Car Seat Headrest - Teens of Denial

by Nathan Fidler Rating:7 Release Date:2016-06-24

Having shown late last year that plugging away in the modern age of music creation and release pays off, Car Seat Headrest, music project of Will Toledo, finally reach that point of putting out the first normal album of all new songs. Crafting everything before for release on Bandcamp, Toledo seems to maintained his form and his style.

Teens of Denial shared a lot in common with Teens of Style, which is probably why the two titles share similar names. Slacker ethos, self-defeating, Toledo whips through more standard rock numbers than on any of his previous releases.

‘Fill In The Blank’ mocks the attitude of many towards depression in it’s chorus, “You have no right to be depressed, you haven’t tried hard enough to like it”, but it doesn’t place all the blame on others. For the kind of themes found across the album it’s incredibly catchy and fun to get wrapped up in.

There are plenty of references to inadequacies and drugs here too, ‘(Joe Gets Kicked Out Of School For Using) Drugs With Friends (But Says This Isn’t A Problem)’ has Toledo admitting “I laid on my friends bedroom floor for an hour and tried not to piss myself”. Complete with some lazy guitar slides and tired woo-hoos, it makes for an accurate sound of the comedown, wanting to avoid conversation.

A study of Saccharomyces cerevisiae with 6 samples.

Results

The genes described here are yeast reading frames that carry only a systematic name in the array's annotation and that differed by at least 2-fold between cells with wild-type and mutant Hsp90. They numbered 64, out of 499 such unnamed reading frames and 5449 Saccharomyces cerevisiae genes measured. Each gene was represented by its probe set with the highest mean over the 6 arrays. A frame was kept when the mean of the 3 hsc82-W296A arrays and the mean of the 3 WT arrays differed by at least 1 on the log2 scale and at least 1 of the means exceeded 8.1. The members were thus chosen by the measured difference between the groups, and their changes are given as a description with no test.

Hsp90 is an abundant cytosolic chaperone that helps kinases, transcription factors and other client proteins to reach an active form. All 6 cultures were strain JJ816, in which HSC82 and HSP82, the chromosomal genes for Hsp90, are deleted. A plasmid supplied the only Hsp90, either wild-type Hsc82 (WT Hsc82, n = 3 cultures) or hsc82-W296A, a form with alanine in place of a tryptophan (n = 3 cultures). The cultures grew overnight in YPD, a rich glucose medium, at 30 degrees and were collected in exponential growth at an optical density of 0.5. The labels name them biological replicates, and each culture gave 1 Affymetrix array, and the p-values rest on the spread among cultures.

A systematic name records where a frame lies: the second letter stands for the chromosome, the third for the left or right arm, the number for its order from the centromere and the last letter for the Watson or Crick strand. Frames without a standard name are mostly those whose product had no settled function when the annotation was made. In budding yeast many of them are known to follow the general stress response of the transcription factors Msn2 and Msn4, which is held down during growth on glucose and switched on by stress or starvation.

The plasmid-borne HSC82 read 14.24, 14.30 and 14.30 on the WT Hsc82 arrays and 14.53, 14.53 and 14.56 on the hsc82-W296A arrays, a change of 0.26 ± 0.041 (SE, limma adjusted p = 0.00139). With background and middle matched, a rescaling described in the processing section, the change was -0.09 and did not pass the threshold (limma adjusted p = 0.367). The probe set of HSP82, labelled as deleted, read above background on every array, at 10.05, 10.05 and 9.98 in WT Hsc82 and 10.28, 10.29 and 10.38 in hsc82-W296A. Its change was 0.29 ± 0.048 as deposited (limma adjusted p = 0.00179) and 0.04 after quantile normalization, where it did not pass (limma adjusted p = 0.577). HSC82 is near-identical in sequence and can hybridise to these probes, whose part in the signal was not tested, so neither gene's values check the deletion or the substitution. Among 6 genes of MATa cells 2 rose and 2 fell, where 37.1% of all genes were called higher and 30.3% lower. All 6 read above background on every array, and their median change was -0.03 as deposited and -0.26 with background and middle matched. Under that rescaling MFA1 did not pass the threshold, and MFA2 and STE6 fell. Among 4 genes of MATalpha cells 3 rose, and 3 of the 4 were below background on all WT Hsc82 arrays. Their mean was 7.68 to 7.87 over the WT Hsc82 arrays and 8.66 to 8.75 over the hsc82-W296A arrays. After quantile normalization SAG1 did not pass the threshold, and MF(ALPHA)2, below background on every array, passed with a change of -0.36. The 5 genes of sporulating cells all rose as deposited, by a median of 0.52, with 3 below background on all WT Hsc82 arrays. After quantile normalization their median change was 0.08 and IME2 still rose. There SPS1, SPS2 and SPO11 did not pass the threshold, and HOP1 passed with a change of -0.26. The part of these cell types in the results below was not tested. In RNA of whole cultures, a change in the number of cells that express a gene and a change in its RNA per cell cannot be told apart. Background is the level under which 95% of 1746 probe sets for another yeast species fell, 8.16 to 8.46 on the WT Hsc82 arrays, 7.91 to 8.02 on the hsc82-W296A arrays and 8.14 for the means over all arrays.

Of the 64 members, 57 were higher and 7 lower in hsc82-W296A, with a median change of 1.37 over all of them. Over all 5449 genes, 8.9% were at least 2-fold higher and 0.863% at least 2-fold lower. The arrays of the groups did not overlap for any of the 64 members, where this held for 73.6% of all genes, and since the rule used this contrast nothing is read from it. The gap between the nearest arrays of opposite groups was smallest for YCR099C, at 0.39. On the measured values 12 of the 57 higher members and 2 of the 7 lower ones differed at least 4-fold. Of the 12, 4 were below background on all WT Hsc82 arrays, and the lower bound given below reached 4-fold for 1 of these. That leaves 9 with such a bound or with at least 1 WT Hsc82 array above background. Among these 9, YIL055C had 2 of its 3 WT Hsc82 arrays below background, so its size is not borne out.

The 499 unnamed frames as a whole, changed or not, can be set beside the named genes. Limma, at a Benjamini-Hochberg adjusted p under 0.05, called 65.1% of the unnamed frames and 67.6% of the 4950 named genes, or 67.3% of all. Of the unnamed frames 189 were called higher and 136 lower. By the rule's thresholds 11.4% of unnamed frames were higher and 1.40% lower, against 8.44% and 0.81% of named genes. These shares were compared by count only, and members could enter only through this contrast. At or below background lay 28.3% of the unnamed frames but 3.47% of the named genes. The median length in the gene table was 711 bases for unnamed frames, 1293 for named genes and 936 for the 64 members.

Crafting songs with such personal detail, but leading a winding story, all while getting you on side, this isn’t much of a step outside of Toledo’s comfort zone. The fact he’s had to work with a producer may well have been the biggest challenge, but it’s yielding rewards. Through repeated listens you can really get into your best slacker shoes and t-shirt and find your singing along.

‘Drunk Drivers/Killer Whales’ is an impassioned plea for drunk drivers to not let the emotion of a break up to overcomes them and result in an accident “It doesn’t have to be like this, killer whales, killer whales”. It’s all oddly specific and zanily thought out, pricking your ears for the finer details.

More crashing, more driving, alt-rock riffs and the splash of synth in the mix, this album announces Car Seat Headrest as a genuine band. Rightly so too, this is a victory for all those people with the talent to write and record songs in the bedroom who are unwilling to shill themselves on television reality just to get their break.